Do you despair when the coffeemaker goes on the fritz, your cellphone stops responding, or the garden shears prove too dull-witted for the job? Do you feel a twinge of guilt for abandoning these ailing items or consigning them to the dump? Stay tuned and we’ll tell you how to nurse them back to health. But how did we get stuck with so many blinkered and stuttering appliances in the first place?
The New York Times links the Age of Throwaway to corporate marketing practices. “A giant John Deere tractor and a pocket-size Apple iPhone have something important in common: The cost of repairing either one is too high…The two companies, and many of their peers, use a variety of aggressive tactics, including electronic locks and restrictive warranties, to push customers with broken equipment to seek help from their authorized repair facilities — or to give up and buy a replacement.”
Yet here’s the rub. The habit of tossing things is bad for the landfill, bad for the pocketbook, and just plain bad for the soul. The other problem is that we humanize objects and grow attached to them. And yes, we mourn them when they are gone.
First Aid for Your Possessions
Thanks to Repair Cafe, the brainchild of Dutch journalist, Martine Postma, you can bring your belongings back to life. Postma has assembled a group of volunteers as skilled and canny as MacGiver. These are the folks who live in their workshops and garages and for whom tinkering is an art. (‘Science Nerd’ should be emblazoned on their T-shirts.) They’re also hobbyists, darners, whittlers and gluers. Whether they have techno or retro skills, all are passionate about mending, re-jiggering and restoring stuff.
Since 2009, the Repair Café in Amsterdam has been matching people with broken objects with people who know how to fix them. It has now grown to 1100 sites in 29 countries. These pop-up cafes can be held anywhere—at a local business, church, or school.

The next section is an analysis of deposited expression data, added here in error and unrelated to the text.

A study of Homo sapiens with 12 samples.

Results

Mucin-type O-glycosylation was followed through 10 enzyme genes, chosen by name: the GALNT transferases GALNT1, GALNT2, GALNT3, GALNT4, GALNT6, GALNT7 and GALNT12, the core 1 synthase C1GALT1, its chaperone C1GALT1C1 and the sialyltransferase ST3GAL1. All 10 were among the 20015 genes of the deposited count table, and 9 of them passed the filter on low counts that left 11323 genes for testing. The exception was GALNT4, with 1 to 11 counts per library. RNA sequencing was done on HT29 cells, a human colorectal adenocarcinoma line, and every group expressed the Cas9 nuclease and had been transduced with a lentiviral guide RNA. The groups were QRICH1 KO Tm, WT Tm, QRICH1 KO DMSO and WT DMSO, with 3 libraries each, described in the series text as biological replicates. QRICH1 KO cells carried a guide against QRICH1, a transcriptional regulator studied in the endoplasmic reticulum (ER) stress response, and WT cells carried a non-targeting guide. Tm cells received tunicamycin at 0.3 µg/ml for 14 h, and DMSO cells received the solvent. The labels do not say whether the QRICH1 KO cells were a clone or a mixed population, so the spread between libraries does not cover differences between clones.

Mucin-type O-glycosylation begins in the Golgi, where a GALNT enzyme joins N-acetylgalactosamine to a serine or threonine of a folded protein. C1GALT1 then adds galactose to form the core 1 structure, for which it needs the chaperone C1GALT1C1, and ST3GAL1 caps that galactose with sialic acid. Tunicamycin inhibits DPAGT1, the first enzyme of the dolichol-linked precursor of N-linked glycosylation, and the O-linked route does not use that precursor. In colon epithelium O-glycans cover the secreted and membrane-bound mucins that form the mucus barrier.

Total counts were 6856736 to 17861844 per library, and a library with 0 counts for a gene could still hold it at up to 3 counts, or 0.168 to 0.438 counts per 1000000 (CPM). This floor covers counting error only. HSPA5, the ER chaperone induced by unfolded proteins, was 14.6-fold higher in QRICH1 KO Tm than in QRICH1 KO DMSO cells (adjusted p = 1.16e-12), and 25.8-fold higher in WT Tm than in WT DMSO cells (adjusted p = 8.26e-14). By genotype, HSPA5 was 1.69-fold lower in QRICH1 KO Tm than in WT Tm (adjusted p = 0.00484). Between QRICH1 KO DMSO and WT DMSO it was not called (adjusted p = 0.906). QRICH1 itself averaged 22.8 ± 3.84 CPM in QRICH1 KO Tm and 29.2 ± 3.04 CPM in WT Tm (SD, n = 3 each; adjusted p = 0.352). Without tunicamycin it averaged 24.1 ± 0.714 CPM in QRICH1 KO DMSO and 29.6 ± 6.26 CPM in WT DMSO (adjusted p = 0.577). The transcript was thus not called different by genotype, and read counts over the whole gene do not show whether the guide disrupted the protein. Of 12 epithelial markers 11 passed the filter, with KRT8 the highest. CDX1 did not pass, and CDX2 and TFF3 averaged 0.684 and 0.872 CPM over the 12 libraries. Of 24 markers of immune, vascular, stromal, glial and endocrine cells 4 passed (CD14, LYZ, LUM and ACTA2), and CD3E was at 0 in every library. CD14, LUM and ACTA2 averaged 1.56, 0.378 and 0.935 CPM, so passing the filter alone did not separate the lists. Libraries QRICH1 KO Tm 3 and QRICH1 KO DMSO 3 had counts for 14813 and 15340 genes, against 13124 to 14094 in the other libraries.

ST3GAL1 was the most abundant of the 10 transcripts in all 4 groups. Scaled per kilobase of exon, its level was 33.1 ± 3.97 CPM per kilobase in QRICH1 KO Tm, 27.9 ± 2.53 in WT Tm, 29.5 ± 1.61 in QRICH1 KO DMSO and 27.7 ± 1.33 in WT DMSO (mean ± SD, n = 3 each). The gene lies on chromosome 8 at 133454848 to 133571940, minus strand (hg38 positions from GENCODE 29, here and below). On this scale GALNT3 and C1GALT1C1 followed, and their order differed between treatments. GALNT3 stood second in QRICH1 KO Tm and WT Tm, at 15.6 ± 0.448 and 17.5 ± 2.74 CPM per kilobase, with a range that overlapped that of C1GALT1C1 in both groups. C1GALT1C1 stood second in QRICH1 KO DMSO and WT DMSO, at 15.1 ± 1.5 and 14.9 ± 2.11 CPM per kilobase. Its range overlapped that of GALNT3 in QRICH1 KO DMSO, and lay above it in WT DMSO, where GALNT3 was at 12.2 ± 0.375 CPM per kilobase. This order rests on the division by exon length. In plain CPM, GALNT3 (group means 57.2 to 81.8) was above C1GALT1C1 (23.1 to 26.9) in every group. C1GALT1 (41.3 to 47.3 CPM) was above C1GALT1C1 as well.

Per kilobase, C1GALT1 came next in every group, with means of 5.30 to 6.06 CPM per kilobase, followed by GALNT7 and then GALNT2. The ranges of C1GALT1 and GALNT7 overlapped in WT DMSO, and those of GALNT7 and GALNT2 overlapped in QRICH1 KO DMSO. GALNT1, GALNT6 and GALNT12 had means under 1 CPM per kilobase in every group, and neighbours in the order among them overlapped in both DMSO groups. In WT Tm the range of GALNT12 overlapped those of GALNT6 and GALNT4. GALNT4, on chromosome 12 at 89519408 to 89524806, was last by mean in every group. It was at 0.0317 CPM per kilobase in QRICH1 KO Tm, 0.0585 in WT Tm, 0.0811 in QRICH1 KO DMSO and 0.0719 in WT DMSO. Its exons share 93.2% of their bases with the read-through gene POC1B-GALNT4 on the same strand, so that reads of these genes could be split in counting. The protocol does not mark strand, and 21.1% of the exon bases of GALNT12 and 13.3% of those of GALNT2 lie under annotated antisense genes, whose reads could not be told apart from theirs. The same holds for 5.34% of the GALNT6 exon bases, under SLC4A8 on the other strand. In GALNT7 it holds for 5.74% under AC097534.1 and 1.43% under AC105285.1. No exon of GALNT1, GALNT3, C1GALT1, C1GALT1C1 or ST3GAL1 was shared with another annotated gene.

The Today Show recently featured the Repair Café in the Hudson Valley, an hour and a half north of New York City. “What we marveled at,” says NBC’s Harry Smith, “was the meticulous repair.” This is a place where people care for things—and in the process learn to care for their neighbors, too.
In Gloucester, England, one patron brought in an old glass lamp that had been on her mother’s bedside table for years. One of the few objects that the elderly woman, who suffers from Alzheimers disease, still recognizes. It’s a more than a fixture. It’s a source of comfort, the last stronghold of memory.
In Bend, Oregon, a man brought in a sturdy 1950s toaster given as a wedding present to his parents. “It worked for many years, and I repaired it once,” he said, “Now I want to see if I can fix it again.”
The Repair Café in Palo Alto, the heart of California’s Silicon Valley, takes care of electronics, home appliances and garden implements while others promise to mend everything from “clocks & dolls to chairs & lamps to necklaces & zippers to CD/DVD players & faded photographs.” At some Repair Cafes, you can even learn how to sew, crochet, knit—or darn a sock.
The Soul of Objects
As Leonard Cohen once sang, “There is a crack in everything, and that’s where the light gets in.” When the volunteers at Repair Café mend an old piece of jewelry, a forgotten heirloom, a much-loved bicycle, or a favorite lamp—magic happens. People come together for the task of restoration—and in the process, share what matters most to them. “It’s nice to be able to wear this watch that belonged to my father,” one man said. Others repair their own childhood toys and pass them on to grandchildren.
In these Cafes, there is a deep respect for conservation skills that belong to another time, another generation. The repairs are an artful collaboration, a kind of mini-apprenticeship—you watch and learn how your objects or devices work. If you check youtube.com for ‘repair cafe videos’, you’ll be pleasantly surprised at the range of services they perform. Or better yet, take the plunge and start one of your own.